Increased uncertainty in the European Union this year will have a positive effect on the UK, making it a more attractive property investment destination than its European counterparts, according to global property investment firm IP Global’s Director of Africa, George Radford.
“The future for the single market is very uncertain,” Radford says. “This continued uncertainty will have a favourable effect on the UK which has attracted over £15 billion in foreign investment since it voted to leave the EU.”
“Should any of its European counterparts make a similar decision, they will have to unravel their currency from the euro,” Radford cites. “The UK, which retained its sovereign currency, is in a stronger position on exit.”
A recent World Bank report ranks the UK as the seventh best country in terms of the ease of doing business, while Germany is ranked 17th and France 29th.
In terms of registering a property the UK also ranks significantly higher (47th) than Germany (79th) and France (100th).
“Italy is in crisis and in France far rightist Marine Le Pen could be voted in, leaving the future for a single market very unclear,” shares Radford.
Other favourable conditions for investment are that the UK property market is structurally undersupplied, and the rand has strengthened against sterling over recent months.
“So despite Brexit, London will remain a global financial hub for the foreseeable future,” says Radford.
The UK is also expected to show relative stability amid global volatility. “There are so many unknowns – Donald Trump’s presidency, the crisis in Syria, oil prices still being low albeit being pushed up, the Chinese economy still very uncertain, and the potential locking of horns between China and the US as well as the US and Russia.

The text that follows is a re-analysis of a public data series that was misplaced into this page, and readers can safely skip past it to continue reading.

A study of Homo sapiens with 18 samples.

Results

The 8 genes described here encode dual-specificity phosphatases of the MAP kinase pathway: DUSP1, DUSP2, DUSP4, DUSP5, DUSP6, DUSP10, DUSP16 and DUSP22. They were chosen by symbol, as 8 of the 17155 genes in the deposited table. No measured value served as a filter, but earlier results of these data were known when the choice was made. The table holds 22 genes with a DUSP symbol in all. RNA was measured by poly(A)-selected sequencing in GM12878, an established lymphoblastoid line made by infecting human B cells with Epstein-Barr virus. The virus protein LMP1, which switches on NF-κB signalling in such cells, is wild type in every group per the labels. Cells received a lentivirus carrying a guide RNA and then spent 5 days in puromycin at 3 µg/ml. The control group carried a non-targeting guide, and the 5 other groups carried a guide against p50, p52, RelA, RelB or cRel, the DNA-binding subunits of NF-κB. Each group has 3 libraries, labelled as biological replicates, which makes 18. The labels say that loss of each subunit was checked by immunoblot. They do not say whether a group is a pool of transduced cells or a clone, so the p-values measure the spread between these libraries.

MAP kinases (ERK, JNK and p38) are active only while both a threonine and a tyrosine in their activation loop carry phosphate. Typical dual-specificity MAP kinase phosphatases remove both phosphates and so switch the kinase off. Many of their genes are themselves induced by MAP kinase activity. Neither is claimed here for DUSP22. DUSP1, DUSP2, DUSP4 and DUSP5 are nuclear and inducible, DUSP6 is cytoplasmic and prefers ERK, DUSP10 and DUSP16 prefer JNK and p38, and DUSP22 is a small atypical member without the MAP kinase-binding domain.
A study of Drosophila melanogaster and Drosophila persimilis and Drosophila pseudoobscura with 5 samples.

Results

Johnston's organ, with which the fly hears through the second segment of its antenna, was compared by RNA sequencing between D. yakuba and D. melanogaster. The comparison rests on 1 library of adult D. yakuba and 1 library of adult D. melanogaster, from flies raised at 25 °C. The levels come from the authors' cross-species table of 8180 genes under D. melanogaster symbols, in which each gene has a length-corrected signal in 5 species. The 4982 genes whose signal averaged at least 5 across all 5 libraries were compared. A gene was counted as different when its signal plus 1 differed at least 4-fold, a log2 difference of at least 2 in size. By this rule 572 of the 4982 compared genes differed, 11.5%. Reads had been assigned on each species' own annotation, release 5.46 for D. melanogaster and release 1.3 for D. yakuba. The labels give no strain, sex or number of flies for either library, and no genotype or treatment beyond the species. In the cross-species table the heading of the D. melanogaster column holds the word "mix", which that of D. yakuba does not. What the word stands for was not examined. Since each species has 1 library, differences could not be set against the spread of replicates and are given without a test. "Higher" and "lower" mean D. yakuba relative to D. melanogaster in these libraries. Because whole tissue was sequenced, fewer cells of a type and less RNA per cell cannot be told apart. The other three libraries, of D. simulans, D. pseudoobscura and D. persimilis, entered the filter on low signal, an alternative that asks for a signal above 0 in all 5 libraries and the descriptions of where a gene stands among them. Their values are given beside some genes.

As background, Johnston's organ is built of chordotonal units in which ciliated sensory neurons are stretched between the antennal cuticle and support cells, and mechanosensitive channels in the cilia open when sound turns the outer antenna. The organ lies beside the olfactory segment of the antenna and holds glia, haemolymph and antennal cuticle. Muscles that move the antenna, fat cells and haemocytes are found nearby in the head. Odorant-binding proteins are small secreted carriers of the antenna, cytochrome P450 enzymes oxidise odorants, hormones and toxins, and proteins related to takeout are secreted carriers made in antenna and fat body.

“Other factors influencing volatility include interest rates potentially rising in Tier 1 economies, stock markets continuing to reach all-time highs and the Japanese economy coming out of stagnation and showing positive growth.
Radford says amid this backdrop of uncertainty, property historically comes to the fore as a comparatively lower risk holding. When planning your investment asset allocation, Radford recommends focusing on ensuring it is multifaceted, diversified and future-oriented for succession planning, wealth creation, asset protection and currency diversification.
All the variables and uncertainty should be balanced against a property asset which is robust stable, fixed and tangible. And our clients are typically seeing a 10% to 15% ROE (return on equity) per annum.
“It’s an opportune time for property investment in the UK from a currency perspective coupled with UK interest rates remaining low,” he says. “This time last year, the rand was at R23 to the pound, and now it is at R17, strengthening to over 25% against the sterling and against the dollar too.”
Supply of new housing in the UK continues to fall considerably short of rising demand – with England alone experiencing a 40-53% shortfall of new units each year, according to government estimates. Radford recommends investors to look at pockets of value where employment growth and incoming investment in infrastructure or transport is driving a population increase and demand for housing.
Areas of the UK that IP Global is focusing on in 2017 include Outer London and Northern Powerhouse cities Liverpool and Manchester, as well as Birmingham.